Current East Coast ‘Perfect’ Storm storms pushes Frankenstorm words over qualifying criteria
Austin, Texas, October 29, 2012 – ‘Frankenstorm,’ the massive hybrid storm (combination Nor’Easter / Hurricane) currently churning up the Eastern Coast of the United States, has passed the minimum criteria to be considered an English-Language word according to Austin-based Global Language Monitor. The number of citations of Frankenstorm have increased 1000-fold in the last few days.
The storm is officially dubbed Hurricane Sandy, according to the the National Hurricane Center. The names of tropical storms are officially maintained by the World Meteorological Organization.
The Global Language Monitor since 2003 has been recognizing new words once they meet the criteria of a minimum number of citations across the breadth of the English-speaking world, with the requisite depth of usage on the Internet, in social media, and the global print and electronic media,” said Paul JJ Payack, president and chief word analyst of GLM. “Frankenstorm crossed those threshold earlier today with tens of thousands of references in the global media.”
One holdout is CNN. As quoted in the Washington Post: “Management at the network has issued a directive not to use ‘Frankenstorm,’ on the rationale that the storm is powerful and deadly. ‘Let’s not trivialize it,’ said the directive, according to CNN meteorologist and severe weather expert Chad Myers.”
The naming of hurricanes have been controversial since 1953, when the practice began of using female names in alphabetical order to name the hurricane. Typically the Atlantic hurricane season produces fewer tropical storms than the twenty-four letters in the English alphabet. Later the use of female names was considered sexist, or at least quaint. and male names were added in 1979. Over the years the names have become increasingly diverse.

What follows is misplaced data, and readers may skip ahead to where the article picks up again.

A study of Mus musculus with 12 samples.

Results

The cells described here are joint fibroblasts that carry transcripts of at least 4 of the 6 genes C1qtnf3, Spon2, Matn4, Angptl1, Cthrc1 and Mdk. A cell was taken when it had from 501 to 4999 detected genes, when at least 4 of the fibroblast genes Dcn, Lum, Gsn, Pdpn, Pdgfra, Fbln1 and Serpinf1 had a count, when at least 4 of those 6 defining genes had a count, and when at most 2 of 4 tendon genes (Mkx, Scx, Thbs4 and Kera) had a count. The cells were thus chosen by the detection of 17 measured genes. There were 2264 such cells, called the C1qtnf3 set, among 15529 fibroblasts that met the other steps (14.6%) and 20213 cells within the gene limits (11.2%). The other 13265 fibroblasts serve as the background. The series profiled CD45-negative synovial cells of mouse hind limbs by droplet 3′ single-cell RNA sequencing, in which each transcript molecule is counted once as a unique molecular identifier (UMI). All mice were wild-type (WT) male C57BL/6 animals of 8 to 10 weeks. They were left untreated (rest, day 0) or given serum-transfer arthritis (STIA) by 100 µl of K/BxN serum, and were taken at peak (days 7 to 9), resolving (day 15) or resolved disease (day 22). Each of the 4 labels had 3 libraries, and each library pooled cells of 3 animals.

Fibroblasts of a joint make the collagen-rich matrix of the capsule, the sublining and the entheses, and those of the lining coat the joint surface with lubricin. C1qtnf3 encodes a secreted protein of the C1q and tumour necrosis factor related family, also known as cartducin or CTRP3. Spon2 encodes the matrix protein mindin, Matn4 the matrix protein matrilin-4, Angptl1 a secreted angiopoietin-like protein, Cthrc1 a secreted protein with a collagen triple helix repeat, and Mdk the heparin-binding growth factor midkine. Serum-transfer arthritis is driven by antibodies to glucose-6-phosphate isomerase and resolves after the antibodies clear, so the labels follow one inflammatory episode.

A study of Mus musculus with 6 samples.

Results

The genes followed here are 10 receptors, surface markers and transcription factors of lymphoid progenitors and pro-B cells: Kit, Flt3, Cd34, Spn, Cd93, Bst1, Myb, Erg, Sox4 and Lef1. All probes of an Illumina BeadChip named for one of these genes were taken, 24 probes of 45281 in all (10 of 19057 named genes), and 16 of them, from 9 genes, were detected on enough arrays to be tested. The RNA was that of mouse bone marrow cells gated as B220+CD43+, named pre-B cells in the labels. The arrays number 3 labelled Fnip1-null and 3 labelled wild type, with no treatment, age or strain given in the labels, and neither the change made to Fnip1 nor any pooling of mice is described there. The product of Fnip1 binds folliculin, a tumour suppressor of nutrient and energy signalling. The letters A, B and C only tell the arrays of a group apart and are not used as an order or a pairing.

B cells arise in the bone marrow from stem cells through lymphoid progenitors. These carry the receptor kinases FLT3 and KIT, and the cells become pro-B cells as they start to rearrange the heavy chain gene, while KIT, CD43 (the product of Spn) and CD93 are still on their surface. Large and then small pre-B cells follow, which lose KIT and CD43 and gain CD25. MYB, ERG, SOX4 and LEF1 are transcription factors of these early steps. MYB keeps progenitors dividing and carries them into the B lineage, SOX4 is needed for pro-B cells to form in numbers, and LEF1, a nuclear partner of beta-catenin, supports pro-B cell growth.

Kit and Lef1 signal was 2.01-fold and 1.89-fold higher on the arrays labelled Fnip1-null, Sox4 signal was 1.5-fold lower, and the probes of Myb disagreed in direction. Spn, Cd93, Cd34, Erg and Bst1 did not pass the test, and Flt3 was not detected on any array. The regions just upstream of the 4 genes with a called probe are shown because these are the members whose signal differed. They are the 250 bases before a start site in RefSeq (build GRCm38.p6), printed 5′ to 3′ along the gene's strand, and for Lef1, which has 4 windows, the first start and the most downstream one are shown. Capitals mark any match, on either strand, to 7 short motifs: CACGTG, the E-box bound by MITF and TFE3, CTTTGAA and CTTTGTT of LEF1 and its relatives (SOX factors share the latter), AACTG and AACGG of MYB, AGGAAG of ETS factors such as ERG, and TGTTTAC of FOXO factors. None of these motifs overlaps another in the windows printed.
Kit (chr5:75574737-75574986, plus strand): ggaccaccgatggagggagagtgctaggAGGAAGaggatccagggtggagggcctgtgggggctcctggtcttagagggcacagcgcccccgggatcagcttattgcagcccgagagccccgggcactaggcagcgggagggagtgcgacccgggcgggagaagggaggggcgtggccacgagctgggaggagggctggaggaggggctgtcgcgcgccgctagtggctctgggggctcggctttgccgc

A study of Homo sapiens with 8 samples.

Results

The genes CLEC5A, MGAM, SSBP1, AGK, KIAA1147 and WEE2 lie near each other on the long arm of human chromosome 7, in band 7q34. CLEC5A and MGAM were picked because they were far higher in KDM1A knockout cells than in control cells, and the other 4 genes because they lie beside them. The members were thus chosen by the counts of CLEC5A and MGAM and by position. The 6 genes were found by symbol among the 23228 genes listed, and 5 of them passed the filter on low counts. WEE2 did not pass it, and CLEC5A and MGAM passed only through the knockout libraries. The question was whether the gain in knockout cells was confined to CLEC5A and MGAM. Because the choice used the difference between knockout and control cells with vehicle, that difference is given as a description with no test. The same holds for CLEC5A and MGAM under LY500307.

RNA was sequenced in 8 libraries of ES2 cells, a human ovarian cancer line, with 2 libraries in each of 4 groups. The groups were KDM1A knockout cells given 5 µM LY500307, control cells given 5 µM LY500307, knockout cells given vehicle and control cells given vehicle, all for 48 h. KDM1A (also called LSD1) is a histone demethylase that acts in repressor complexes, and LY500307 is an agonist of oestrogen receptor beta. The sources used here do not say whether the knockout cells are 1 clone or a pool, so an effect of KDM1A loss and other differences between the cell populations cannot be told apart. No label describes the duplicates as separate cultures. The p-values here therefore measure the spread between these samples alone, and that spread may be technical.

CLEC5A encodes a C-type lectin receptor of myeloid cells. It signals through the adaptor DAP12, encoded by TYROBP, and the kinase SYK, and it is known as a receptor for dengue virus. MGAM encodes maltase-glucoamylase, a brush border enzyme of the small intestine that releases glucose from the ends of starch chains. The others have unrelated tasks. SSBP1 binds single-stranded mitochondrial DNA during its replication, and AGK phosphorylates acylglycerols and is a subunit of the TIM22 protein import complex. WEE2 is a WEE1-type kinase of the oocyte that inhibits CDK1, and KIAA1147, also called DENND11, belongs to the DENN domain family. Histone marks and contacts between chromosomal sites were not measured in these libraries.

The names are chosen in advance and rotated every six years. The Strongest storms, those deemed with historical significance are retired into a sort of Hurricane Hall of Fame.
Click on the adjacent NOAA icon to see the perspective names for all global hurricanes through 2017. The name Frankenstorm is not on any list.
The word ‘Frankenstorm’ is a combination or ‘portmanteau’ word linking Mary Shelley’s character from her novel ‘Frankenstein (or the New Prometheus)’ with the word ‘Storm’ from the O.E. ‘storm’.
One of the word storm’s many senses acquired in the Late Middle Ages is ‘to rage’ might be especially pertinent here.
Mary Shelly, eighteen years old when she began her novel, never actually called him Frankenstein, which was actually the name of the monster’s creator, Dr. Victor Frankenstein. Dr. Victor Frankenstein’s creation was referred to simply as ‘the monster”.
Frankenstorm is also at the center of vigorous internet meme creation. It appears the the Frankenstorm meme might cross-pollinate with any number of now circulating Internet Memes on the pending Presidential Elections on November 6th.
About The Global Language Monitor
“We Tell the World What the Web is Thinking.” Austin-Texas-based Global Language Monitor analyzes and catalogs the latest trends in word usage and word choices, and their impact on the various aspects of culture, with a particular emphasis upon Global English.